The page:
Electronic sports are big business already, and now they are making their way into the mainstream consciousness. Once limited to small tournaments organized by the competitors themselves, eSports are now sponsored by large companies putting up significant amounts of prize money to draw the world’s best players.

 

By one estimate eSports prize money now totals $25 million and major tournament play streamed online is watched by more people than most major sporting events. The rise of entities like Major League Gaming and the reach of sites like Twitch.tv have been crucial in the sports growth. Twitch was recently linked to a $1 billion deal to be bought by YouTube (which is owned by Google) based largely on the promise of competitive gaming streaming.

 

As the eSports continues to grow it would not be out of the question to see them covered alongside football and other sports on major networks. Already online bookmakers exist to take bets on eSports, but they are small and limited. At the current rate of growth, however, it won’t be long before larger sites like www.gambling.com include sections supplying tips and odds for punters looking to gamble on their favorite gamers.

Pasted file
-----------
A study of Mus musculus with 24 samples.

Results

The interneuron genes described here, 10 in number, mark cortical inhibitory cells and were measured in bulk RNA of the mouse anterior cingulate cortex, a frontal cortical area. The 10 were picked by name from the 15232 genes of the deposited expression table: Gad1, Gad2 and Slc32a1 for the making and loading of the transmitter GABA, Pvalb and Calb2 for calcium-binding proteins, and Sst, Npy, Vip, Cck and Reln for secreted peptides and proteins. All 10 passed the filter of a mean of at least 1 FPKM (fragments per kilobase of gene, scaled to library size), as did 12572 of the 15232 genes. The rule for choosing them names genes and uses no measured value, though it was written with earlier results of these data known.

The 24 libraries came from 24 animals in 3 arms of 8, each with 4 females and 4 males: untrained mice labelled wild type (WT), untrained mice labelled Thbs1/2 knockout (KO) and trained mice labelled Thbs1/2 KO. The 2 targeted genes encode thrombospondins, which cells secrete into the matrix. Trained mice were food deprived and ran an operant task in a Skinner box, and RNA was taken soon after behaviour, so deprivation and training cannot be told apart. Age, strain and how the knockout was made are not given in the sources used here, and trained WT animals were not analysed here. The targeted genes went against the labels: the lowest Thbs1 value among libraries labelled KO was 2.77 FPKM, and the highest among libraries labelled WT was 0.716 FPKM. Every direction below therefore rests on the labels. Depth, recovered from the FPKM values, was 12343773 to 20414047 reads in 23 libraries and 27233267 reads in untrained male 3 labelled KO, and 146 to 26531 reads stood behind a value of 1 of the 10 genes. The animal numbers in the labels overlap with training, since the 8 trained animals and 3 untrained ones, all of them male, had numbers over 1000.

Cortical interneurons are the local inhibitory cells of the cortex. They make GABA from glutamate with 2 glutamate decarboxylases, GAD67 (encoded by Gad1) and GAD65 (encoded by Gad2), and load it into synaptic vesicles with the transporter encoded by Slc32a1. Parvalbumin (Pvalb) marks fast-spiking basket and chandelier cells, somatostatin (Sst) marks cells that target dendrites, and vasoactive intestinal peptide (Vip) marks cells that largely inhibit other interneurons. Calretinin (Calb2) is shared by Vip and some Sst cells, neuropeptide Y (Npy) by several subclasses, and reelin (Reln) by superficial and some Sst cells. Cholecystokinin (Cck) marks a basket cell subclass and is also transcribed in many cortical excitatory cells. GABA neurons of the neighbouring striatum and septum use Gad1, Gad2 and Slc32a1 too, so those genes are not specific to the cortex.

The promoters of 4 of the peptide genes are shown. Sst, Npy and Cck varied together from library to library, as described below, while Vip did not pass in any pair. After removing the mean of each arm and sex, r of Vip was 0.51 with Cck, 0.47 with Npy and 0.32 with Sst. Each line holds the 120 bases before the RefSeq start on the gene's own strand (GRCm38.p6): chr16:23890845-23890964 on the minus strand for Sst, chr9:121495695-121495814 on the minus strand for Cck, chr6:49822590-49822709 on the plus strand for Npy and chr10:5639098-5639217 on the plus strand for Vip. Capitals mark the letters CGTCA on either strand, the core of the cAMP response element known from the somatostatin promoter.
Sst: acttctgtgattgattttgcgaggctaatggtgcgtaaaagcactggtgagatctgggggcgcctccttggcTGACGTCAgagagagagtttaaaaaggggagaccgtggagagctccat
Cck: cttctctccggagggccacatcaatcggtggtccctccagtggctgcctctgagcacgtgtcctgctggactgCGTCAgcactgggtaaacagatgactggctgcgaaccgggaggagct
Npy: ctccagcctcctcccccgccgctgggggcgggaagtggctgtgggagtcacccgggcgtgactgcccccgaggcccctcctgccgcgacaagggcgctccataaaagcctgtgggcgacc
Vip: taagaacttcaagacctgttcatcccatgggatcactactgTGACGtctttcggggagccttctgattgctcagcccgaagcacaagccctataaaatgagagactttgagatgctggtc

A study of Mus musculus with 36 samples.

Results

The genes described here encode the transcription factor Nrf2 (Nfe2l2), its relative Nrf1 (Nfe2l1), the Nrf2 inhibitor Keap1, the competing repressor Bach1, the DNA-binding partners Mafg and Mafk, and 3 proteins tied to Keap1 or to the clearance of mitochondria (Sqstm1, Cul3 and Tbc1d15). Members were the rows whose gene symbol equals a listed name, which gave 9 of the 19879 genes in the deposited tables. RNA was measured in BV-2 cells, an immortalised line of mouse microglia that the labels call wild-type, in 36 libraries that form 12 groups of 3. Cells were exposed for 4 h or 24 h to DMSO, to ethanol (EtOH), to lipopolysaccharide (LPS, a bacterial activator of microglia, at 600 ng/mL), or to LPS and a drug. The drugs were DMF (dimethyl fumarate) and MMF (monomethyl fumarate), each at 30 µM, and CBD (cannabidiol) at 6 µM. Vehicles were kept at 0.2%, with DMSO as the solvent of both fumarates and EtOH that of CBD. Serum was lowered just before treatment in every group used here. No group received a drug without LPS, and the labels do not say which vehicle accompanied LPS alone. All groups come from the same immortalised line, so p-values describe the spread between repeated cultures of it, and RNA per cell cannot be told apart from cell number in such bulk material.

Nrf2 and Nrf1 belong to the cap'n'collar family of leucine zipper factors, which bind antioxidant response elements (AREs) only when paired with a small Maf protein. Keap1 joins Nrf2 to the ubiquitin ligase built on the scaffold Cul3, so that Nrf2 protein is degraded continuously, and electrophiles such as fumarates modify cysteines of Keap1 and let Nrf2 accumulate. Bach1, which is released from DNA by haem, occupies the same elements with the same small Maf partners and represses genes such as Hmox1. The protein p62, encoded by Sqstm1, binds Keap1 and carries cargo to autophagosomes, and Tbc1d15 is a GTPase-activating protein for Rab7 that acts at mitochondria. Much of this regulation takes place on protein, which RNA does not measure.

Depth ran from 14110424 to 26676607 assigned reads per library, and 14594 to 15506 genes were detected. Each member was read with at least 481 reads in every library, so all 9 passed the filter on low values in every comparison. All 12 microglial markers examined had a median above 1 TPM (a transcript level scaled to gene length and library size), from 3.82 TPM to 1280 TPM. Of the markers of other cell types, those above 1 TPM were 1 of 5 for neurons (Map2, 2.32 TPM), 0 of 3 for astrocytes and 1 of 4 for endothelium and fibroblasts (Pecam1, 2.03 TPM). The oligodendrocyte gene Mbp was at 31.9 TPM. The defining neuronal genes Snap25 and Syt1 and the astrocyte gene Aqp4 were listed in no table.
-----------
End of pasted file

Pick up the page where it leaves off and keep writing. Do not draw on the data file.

What was once a niche hobby, and one often derided in mainstream and popular culture has established itself as a legitimate business with legitimately talented performers. With giant companies like Intel and Coca-Cola finally seeing the value in such an industry, that legitimacy is making strong in-roads to the collective conscience. In the past gamers were derided for wasting their time with video games, but now they can call it practice. Who wouldn’t want to turn their favorite hobby into a career?

 

With the growth of eSports all but assured and the increased cultural cache that comes along with it, fans of competitive gaming are looking at a bright future.